And the Emmy nomination goes to – a man. At least that’s been the case 78% of the time during the past 10 years in categories honoring writing, directing, producing and editing, according to a new study by the Women’s Media Center.
The report found that in these 44 awards categories, 7,485 of the nominees were men and 2,074 were women – 78% to 22%. The numbers are a little bit better this year, though female nominees still are outnumbered by men 3-to-1.
“These are key behind-the-scenes roles, and the men and women in these roles have the power to decide and mold what the story is, who is in the story and how the story is told,” said Julie Burton, President of the Women’s Media Center, which was co-founded by Jane Fonda, Gloria Steinem and author-activist Robin Morgan. “Clearly there is a connection between the broadcast, network, cable and Netflix programs that hire exclusively male creators and the industrywide gender divide. When there are few jobs for women, it is easy to see why so few women in non-acting categories are recognized for their excellence.”
The study found that during the past decade, women have received only 8% of all directing nominations, earning 116 while men got 1,417. Female writers received 13% of the Emmy nons (171 vs. 1,103), while female editors received 18% of the nominations (147 to 659). Female producers got 28% of the nominations in the 20 categories in which producers were nominated (1,640 to 4.306). In the producing ranks, female nominees fared best in the documentary categories, outnumbering men 54% to 46%.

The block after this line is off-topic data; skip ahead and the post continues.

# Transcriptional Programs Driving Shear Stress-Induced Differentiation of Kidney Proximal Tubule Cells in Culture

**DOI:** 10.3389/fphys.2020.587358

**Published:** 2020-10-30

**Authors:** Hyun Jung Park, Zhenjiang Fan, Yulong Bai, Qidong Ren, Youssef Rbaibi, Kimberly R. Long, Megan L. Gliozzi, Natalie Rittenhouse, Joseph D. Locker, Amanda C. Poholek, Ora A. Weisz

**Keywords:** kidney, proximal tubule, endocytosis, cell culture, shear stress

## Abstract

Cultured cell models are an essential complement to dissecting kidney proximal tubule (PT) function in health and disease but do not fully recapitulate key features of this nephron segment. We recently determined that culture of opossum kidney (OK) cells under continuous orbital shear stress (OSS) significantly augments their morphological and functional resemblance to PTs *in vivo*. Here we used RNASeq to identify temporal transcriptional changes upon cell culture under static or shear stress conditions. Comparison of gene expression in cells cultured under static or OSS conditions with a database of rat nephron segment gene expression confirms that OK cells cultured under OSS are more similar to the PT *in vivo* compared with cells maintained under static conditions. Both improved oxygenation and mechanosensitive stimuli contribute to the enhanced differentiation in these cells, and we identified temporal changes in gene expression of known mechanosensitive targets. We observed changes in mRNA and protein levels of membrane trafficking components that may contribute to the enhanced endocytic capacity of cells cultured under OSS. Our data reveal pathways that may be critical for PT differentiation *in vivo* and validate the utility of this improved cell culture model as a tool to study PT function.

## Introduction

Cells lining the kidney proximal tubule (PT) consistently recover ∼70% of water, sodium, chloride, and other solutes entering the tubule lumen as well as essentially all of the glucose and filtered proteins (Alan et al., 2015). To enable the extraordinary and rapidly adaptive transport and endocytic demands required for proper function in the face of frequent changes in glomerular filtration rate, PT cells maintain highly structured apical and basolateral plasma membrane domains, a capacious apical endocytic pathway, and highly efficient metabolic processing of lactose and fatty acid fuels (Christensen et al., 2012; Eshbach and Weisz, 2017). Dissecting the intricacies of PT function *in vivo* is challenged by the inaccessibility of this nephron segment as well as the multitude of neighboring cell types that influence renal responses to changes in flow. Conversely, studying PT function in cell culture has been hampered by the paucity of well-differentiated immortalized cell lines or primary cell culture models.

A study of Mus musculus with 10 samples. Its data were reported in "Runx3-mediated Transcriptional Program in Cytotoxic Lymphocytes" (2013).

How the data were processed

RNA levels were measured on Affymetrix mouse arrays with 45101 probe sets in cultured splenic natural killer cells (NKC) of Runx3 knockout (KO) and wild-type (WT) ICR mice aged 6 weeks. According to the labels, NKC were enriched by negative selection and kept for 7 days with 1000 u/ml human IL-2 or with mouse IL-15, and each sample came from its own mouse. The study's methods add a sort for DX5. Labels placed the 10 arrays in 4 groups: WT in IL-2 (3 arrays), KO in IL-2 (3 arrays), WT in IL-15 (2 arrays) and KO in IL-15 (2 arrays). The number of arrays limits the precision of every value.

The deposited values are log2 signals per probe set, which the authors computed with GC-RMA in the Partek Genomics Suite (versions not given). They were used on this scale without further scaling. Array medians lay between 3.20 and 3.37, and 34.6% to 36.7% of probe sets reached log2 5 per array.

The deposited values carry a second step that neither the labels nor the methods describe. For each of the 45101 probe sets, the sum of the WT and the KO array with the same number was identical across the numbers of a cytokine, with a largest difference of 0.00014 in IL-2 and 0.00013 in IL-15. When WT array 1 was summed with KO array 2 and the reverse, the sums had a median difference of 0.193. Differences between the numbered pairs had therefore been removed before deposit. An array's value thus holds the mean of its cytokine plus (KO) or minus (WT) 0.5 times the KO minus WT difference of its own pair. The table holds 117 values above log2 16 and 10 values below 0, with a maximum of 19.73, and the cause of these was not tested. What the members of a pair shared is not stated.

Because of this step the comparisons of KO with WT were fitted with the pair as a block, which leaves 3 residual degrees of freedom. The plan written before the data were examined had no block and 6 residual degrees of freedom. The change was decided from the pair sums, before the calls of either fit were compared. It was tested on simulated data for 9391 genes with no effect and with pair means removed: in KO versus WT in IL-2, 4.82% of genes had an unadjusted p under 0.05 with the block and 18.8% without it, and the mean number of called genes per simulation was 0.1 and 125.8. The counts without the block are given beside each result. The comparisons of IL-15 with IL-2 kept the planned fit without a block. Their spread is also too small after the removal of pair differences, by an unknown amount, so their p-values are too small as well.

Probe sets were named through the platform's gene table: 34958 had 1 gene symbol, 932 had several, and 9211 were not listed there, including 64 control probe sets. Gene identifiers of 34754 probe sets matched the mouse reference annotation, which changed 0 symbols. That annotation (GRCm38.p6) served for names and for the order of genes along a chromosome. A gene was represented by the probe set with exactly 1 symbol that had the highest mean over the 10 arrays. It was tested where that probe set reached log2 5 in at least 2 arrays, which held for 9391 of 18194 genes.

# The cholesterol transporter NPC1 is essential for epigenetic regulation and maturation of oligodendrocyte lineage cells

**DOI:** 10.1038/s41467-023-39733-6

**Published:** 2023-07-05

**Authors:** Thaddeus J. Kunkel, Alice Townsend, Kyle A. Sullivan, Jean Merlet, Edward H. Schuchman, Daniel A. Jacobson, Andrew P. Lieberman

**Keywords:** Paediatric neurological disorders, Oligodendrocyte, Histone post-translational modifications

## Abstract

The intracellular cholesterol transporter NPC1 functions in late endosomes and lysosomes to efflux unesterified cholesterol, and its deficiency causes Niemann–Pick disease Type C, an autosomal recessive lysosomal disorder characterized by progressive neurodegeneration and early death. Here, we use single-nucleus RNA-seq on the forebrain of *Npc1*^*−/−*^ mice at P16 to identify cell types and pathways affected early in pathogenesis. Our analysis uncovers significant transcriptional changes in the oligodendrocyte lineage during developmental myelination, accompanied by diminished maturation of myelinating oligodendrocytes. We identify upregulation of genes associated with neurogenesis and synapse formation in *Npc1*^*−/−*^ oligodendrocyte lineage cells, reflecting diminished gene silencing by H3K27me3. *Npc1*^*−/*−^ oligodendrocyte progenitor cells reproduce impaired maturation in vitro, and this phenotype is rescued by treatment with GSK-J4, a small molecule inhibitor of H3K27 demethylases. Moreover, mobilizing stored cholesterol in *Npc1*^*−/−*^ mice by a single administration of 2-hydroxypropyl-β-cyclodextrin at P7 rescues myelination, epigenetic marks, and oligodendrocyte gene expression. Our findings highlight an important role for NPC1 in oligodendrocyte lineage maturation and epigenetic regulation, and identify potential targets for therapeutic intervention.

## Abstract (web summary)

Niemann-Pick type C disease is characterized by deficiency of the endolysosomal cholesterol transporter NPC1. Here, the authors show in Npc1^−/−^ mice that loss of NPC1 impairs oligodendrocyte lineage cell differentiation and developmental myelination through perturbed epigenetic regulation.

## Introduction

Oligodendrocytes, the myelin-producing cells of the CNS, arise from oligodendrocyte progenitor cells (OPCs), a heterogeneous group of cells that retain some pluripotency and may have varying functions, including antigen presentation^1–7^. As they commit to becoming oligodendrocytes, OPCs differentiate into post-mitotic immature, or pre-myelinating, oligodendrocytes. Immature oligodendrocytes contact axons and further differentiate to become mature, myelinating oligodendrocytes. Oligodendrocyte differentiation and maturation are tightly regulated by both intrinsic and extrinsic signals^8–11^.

“Clearly, the number of nominees for Emmys is not representative of the impact or the accomplishments of women writers, directors, producers, editors whose overall representation in all those categories is still far from equal to their talents or the opportunities,” said Pat Mitchell, chair of the WMC’s board of directors.
The Women’s Media Center works to make women more visible and powerful in the media and conducts research on media inclusion and accuracy.